When anyone mentions Tenerife, people mostly think of a hot and dry holiday destination where you can combine sunbathing with hiking up Mount Teide.
But for those visitors who want to explore something different, there are the remains of an old leper colony in Abades on the south-eastern coast.
Abades wasn’t the first leprosy sanitorium to be built on the island. There was already one on the north side which was created in response to a leprosy outbreak that occurred during the Spanish Civil War.
By 1940, there had been a total of 197 cases and people were getting worried. They wanted to distance themselves from the disease and so it was decided to build a second leprosy station at the southern end, which was less populated. The project was green-lighted in 1942 and would be supervised by the military.
Construction on the Abades leprosy station, which was to be called the Sanatorio de Abona, began in 1943. Jose Enrique Marrero Regalado was the chosen architect as he had already designed other notable buildings in Tenerife.
The Sanatorio de Abona consisted of about forty buildings. As well as the hospital and administration buildings that you would expect to find in such a complex, there were also various bungalows for accommodation and a church.
The church was built in the Franco style and the giant cross on the top is visible several miles away.
The sanatorium also had a crematorium. This was considered important since, at the northern colony, they’d been throwing the bodies into the sea until they realized that cremation was a much better option.
Patients in the hospital would have access to a dining hall, examination rooms, bedrooms, and a recreation area. Whether they were sick or healthy, everyone was to be separated by gender.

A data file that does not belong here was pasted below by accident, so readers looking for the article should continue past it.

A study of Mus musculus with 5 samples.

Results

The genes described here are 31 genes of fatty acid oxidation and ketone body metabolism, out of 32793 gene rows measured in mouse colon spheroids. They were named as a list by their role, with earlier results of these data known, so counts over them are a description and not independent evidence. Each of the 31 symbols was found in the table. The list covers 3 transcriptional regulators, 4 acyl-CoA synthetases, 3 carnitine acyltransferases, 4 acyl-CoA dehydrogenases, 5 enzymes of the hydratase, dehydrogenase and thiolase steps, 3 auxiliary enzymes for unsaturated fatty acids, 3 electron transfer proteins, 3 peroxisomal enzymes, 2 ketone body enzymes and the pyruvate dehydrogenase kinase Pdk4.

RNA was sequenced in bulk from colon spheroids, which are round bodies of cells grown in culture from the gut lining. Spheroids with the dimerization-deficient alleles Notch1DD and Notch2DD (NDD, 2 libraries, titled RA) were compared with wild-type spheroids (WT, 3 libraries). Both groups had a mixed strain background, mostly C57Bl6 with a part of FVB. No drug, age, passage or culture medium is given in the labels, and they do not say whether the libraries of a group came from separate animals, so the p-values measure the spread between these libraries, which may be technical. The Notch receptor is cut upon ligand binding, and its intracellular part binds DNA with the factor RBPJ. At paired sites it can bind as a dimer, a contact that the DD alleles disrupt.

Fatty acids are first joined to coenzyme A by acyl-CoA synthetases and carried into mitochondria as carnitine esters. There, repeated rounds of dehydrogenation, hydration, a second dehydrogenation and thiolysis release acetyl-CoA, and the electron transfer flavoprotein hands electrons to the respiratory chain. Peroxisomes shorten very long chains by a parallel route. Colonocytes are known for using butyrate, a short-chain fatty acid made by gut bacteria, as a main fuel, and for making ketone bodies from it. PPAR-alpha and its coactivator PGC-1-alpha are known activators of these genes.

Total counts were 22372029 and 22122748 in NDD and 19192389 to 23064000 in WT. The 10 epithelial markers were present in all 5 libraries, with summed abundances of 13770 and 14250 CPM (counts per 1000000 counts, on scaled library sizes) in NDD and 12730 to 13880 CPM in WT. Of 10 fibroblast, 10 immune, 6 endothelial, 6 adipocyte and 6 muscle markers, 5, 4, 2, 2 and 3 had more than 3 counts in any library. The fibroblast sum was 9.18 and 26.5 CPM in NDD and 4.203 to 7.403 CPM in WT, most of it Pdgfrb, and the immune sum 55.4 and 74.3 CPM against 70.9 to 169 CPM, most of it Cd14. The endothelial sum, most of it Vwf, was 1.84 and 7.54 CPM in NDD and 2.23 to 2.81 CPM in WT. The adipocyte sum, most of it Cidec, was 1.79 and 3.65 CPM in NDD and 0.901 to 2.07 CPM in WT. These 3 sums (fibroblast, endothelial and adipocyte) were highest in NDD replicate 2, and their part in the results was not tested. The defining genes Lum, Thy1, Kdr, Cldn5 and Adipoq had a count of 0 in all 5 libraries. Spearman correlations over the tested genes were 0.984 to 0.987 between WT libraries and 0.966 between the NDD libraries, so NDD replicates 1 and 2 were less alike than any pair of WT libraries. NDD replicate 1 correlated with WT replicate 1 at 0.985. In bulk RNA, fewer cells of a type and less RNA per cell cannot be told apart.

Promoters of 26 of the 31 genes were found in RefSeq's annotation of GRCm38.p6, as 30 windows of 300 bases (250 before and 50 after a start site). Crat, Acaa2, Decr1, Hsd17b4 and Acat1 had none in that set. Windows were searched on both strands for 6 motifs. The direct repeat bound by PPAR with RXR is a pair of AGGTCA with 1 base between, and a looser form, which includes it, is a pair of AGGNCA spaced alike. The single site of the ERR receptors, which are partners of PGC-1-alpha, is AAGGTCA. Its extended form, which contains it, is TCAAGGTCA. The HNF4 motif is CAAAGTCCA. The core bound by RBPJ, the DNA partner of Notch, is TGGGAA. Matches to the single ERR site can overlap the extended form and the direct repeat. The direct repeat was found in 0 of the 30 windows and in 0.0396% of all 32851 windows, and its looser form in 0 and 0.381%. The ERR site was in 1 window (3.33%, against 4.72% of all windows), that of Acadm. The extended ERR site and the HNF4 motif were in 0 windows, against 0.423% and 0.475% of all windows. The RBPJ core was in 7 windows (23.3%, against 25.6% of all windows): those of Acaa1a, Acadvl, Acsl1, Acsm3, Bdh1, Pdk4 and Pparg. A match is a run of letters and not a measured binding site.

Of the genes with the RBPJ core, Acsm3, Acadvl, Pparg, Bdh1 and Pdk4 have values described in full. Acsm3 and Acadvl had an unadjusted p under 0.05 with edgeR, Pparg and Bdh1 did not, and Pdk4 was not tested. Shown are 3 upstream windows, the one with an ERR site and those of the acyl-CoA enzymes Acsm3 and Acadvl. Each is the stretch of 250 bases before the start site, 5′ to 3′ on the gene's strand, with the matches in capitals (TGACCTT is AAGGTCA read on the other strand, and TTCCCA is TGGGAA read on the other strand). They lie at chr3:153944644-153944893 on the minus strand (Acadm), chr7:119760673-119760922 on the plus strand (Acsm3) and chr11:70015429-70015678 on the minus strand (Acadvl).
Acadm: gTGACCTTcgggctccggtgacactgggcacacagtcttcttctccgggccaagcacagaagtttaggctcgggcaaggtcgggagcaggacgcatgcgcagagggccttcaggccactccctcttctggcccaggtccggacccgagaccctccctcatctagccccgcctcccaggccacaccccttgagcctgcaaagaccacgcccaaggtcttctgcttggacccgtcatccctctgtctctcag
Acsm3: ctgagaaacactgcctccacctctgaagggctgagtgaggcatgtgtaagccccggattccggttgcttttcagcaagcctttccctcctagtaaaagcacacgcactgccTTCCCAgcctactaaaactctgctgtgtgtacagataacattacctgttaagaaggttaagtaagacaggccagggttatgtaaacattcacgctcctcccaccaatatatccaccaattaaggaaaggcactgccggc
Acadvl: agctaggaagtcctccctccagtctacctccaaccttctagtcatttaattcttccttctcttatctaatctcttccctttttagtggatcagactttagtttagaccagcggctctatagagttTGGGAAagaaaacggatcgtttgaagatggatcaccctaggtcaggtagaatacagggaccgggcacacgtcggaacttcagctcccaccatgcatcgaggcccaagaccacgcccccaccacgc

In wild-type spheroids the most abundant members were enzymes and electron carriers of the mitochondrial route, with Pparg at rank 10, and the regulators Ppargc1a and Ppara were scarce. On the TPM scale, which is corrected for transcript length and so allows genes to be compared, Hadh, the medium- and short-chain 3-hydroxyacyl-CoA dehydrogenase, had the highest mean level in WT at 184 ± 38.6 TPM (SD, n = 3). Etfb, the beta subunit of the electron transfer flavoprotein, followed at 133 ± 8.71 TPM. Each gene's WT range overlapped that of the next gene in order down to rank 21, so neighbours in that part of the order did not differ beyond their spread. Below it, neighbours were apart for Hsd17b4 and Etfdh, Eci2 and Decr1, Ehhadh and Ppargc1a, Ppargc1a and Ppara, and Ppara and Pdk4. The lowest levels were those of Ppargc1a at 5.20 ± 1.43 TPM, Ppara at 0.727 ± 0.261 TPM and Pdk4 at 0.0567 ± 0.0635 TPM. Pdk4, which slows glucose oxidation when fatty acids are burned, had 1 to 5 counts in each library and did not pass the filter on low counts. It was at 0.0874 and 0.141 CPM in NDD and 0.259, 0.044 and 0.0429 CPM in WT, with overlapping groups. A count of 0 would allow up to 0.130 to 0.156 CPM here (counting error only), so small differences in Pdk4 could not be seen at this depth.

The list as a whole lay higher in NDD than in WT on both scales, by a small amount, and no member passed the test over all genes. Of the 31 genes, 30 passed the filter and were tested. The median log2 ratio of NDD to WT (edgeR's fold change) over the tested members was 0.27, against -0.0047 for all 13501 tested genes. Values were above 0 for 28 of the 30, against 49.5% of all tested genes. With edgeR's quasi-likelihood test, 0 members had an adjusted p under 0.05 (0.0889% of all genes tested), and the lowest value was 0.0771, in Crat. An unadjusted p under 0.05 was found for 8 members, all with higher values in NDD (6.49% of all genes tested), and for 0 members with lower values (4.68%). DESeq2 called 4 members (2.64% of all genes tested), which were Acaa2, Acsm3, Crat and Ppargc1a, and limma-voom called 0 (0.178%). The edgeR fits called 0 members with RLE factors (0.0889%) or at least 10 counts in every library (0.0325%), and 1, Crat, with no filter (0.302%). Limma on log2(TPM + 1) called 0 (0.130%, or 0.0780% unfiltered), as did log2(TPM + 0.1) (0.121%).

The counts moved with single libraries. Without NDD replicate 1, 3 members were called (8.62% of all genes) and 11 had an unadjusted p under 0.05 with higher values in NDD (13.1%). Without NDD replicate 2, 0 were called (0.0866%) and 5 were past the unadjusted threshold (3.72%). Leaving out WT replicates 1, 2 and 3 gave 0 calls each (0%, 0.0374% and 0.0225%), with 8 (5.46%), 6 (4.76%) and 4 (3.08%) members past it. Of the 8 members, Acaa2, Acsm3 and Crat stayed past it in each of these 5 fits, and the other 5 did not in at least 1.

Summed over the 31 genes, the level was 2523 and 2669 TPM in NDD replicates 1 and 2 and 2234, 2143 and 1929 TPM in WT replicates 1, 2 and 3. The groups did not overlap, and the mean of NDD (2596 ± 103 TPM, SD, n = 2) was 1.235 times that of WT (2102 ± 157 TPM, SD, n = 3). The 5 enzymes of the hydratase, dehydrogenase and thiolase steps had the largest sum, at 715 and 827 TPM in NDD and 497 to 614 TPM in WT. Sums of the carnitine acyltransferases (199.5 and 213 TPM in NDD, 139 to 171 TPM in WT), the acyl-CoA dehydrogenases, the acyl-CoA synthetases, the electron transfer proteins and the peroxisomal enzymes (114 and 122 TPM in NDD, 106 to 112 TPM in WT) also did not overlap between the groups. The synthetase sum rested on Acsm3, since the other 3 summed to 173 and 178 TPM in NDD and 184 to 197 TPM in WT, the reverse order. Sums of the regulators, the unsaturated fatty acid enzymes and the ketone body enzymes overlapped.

However, even as this colony was being built, the drug Dapsone was being developed. Dapsone was an antibiotic that was found to be very effective in treating leprosy. It gained in popularity so quickly that leprosy was soon eradicated from the Canary Islands.
Unfortunately, this meant that the Sanatorio de Abona was abandoned before it was even completed. By then, more than 11 million pesetas had been spent on construction and all that was left to show for this were buildings in various states of completion.
The sanitorium quickly fell into decline. The beds that had been put in the dormitories ready to be used by patients were broken or stolen, and scrappers took much of the copper wiring that had been installed.
The complex stood abandoned until the 1960s when the military decided it would be an excellent setting for a training center. The location was renamed Escuela de Magisterio and offered training in urban warfare as well as facilities for target practice.
The military used Escuela de Magisterio until 2002 when the site was abandoned again. Evidence of the army’s presence can be found in the barbed wire fence, various spent ordnances, and the squadron sigils that remain on some of the walls.
It looked like the Sanatorio de Abona might gain a new lease of life in 2007 when the land around it was sold to an investment group for 17 million euros. The group had plans to build a 3,000-bed resort with two golf courses and other guest amenities.
Unfortunately, a change in the law frustrated their project so that the resort never saw the light of day. Nevertheless, the derelict Sanatorio de Abona still attracted visitors, but they were mainly ravers, paintballers, graffiti artists, and urban explorers.
Today, the nearby village Abades is a popular holiday destination. Relatively quiet in the winter, it becomes thronged with holiday-goers who come to take advantage of the nine eateries, the scuba-diving center, and a beach that is accessible to those with disabilities.
On the hilltop above Abades, the Sanatorio de Abona stands quiet and forgotten, a perfect location for anyone wanting to find some peace to listen to the sounds of the sea away from all the tourist destinations.
Augenblicke Fotoblog is a German photography blog which charts places and moments that an amateur photographer from Franconia, Germany is able to capture with his camera.
The photographer who owns the pictures in this article is Andy Betz. He kindly agreed to share his photos with our readers. You should check his photography page and Facebook one. Enjoy!